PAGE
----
Throughout a decade, the European Multidisciplinary Congress on Urological Cancers (EMUC) has established its reputation as the leading platform where multidisciplinary specialists with expertise in urological malignancies come together. This year, EMUC commences in Amsterdam, The Netherlands.
The programme launched with Plenary Session 01 “Prostate cancer management: Implementation without good evidence?” which was chaired by Prof. J. Oldenburg (GB), Prof. Dr. Kerstin Junker (DE), Prof. James N’Dow (GB) and Dr. Bradley Pieters (NL).
In his lecture “Functional imaging for recurrent disease”, Dr. Stefano Fanti (IT) emphasised the relevance of performing more randomised and multi-centre studies to produce and procure more quality and robust data.
As he showed the model of the levels of the evidence pyramid, he said “You don’t have to take into account only expert opinion; you have to go through systematic reviews, randomised control trials, multi-centre trials as these are absolutely fundamental.”
As an example, he stated that data from his team’s study “PET/CT with 11C-choline for evaluation of prostate cancer patients with biochemical recurrence: meta-analysis and critical review of available data” was incorporated into the EAU Guidelines. “It’s not only the matter of the final diagnostic accuracy but the fact that study has robust, validated data and better than the competitors’,” said Dr. Fanti. “We provide good images, as well as, good evidence.”
“Information, diagnostic and therapeutic approaches resulting from Digital GU Pathology can be more accurate with less uncertainty when sources are evaluated separately and/or individually. It requires knowledge of previous studies that contributed to the current utilisation and role of virtual slides and quantitative tissue analysis. An ability to integrate data from diverse tests will be required,” stated Prof. Rodolfo Montironi (IT) in his lecture “Digital GU pathology”.
Digital Pathology, also known as whole slide imaging (WSI), refers to the high-resolution digitization and storage of entire glass slides as digital (virtual) slides. The advantages of using these include image sharing, interactive publication, quantitative image analysis, and information fusion.
Image sharing can be used for teaching, consultation, remote interpretation, and quality assurance. A digital pathology platform allows instant sharing of WSI in review cases, as multiple pathologists can review the same case in parallel.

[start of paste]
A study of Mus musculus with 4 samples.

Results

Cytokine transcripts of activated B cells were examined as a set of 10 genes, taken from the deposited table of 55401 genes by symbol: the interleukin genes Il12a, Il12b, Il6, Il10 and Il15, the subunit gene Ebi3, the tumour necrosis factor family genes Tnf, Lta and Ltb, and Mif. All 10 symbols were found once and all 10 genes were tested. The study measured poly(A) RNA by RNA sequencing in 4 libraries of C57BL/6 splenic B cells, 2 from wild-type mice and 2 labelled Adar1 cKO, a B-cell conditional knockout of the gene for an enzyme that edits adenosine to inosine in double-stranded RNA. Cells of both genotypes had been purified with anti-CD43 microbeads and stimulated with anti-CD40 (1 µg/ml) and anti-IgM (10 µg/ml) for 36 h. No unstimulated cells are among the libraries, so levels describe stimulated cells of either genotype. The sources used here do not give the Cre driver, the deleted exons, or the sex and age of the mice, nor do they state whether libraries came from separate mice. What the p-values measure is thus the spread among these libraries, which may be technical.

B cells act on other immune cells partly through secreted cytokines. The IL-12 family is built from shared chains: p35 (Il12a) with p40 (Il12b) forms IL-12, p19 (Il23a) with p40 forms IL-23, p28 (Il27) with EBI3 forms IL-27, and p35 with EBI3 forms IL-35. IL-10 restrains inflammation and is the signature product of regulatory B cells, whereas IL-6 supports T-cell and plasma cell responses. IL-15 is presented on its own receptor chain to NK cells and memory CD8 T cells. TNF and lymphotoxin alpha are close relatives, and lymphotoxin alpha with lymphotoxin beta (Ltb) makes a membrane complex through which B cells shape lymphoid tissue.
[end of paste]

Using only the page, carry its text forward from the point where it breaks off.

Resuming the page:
With regard to interactive publication, Prof. Montironi said “When we submit data to a journal, we like to include the images of the histology. So we upload the virtual slides. This means that the readers that can see the slide and all the details.”
Quantitative image analysis (computational pathology) is used for prostate cancer detection and grading; location and identification of High-Grade Prostatic Intraepithelial Neoplasia (HGPIN); malignancy-associated changes; and biomarker expression in individual cells.
Information Fusion is direct integration with data derived, for instance, from surgery and other imaging techniques, such as mpMRI.
Prof. Montironi also stated that the performance of digital pathology is equivalent to glass slide microscopy [Snead, et al 2016].
Sequencing of novel therapies
In his lecture “Sequencing of novel therapies in urogenital malignancies”, Dr. Sergio Bracarda (GB) stated that at present, Abiraterone (ABI) or docetaxel (DCT) plus androgen deprivation therapy (ADT) are the new standards of care for cases presenting with high-risk metastatic castration-sensitive prostate cancer (HR-mCSPC), but which is better is not yet known. He added that radiotherapy may be evaluated in cases presenting with LV (oligometastatic?) disease.
Dr. Bracarda said that immediate sequencing between ABI and Enzalutamide (ENZA) should be discouraged, while AR-V7 possibly remains only a prognostic tool; and asked about the relevance and role of Radium-223 (Ra-223).
He foresees that non-androgen receptor (AR) novel targeted therapies such as P13K/AKT or poly-ADP ribose polymerase (PARP) inhibitors, and other new agents, such as checkpoint inhibitors will enter the prescription (Rx) scenario. “These new agents, after being tested in biologically designed Phase III studies, will modify the actual clinical sequencing in a genome-based, step-by-step verified sequencing. The future is here!”
To know more, access the EMUC18 Resource Centre.